51202Boston ivy is not really ivy at all; but is more closely related to grape. Along with creeping fig, it is one of the two best vines for freeway sound-walls. It protects the walls from graffiti and muffles sound. Unlike creeping fig, which is evergreen, Boston ivy is surprisingly colorful through autumn. Unfortunately, it clings to whatever it climbs with holdfast discs, so ruins paint, stucco, and any other surface it gets a hold of.

Then there is ornamental grape, Vitis vinifera. It is about as colorful as Boston ivy, and can climb almost as aggressively to thirty feet, but lacks the damaging holdfast discs. It is nearly fruitless, which may seem like a waste of an otherwise perfectly good grape vine; but it will not make much of a mess until it defoliates. If any of the tiny fruit actually matures, it will almost certainly get eaten by birds before anyone notices.

Since it does not grip so tightly to what it climbs, ornamental grape can get rather shrubby. Outer growth can overwhelm and shade out inner growth, and can eventually produce a thicket of dead canes. Pruning back superfluous shrubby growth while bare in winter promotes more vigorous new growth the following spring and summer. Ornamental grape likes full sun exposure.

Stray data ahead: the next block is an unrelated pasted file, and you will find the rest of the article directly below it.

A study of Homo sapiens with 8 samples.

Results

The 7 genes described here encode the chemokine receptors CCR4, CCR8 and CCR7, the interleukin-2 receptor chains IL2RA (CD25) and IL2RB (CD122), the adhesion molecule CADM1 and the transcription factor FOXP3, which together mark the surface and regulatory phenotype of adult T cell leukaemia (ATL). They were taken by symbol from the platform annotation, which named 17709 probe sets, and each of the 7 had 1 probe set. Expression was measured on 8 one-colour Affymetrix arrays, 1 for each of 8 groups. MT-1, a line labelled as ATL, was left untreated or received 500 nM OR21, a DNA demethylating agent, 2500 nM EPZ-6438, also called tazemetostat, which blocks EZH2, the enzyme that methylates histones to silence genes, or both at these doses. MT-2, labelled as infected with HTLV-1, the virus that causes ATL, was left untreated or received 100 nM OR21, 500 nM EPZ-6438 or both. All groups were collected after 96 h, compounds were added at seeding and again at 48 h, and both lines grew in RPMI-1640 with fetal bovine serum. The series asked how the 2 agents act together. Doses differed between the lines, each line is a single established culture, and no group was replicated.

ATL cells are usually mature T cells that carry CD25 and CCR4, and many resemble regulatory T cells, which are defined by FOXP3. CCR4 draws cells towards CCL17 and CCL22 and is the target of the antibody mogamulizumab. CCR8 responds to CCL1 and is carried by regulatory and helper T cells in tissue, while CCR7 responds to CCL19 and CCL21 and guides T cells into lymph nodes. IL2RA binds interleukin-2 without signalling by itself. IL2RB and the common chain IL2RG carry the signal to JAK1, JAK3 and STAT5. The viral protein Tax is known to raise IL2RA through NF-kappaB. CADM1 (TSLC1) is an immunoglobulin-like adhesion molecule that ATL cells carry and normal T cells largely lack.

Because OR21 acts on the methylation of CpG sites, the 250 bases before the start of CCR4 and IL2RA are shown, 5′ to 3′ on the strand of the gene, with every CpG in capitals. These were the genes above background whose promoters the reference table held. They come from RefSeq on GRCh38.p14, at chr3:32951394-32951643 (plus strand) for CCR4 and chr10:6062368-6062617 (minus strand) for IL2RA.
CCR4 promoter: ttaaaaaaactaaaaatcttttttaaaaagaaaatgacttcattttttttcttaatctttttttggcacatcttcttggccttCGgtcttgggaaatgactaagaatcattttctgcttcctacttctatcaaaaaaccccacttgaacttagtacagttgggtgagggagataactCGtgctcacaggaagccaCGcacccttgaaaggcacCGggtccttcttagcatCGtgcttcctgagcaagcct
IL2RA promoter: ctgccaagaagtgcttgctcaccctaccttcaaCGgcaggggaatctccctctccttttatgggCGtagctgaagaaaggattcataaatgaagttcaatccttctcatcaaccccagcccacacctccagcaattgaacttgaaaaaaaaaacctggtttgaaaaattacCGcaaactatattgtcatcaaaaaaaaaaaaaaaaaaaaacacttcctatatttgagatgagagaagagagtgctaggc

1. Likewise I did not know of ornamental grape. The wild grape of N.A., Vitis riparia might be a good candidate for an ornamental as fruit hangs on through the winter, gradually being eaten by birds and I think that it looks nice. Not sure if it is damaging to wall etc. but it will pull off quite easily. Virginia Creeper, Parthenocissus quinquefolia is also a nice one and has some red foliage in the fall and it too will pull off easily. But then I’m not looking at these from the point of view of a landscape gardener.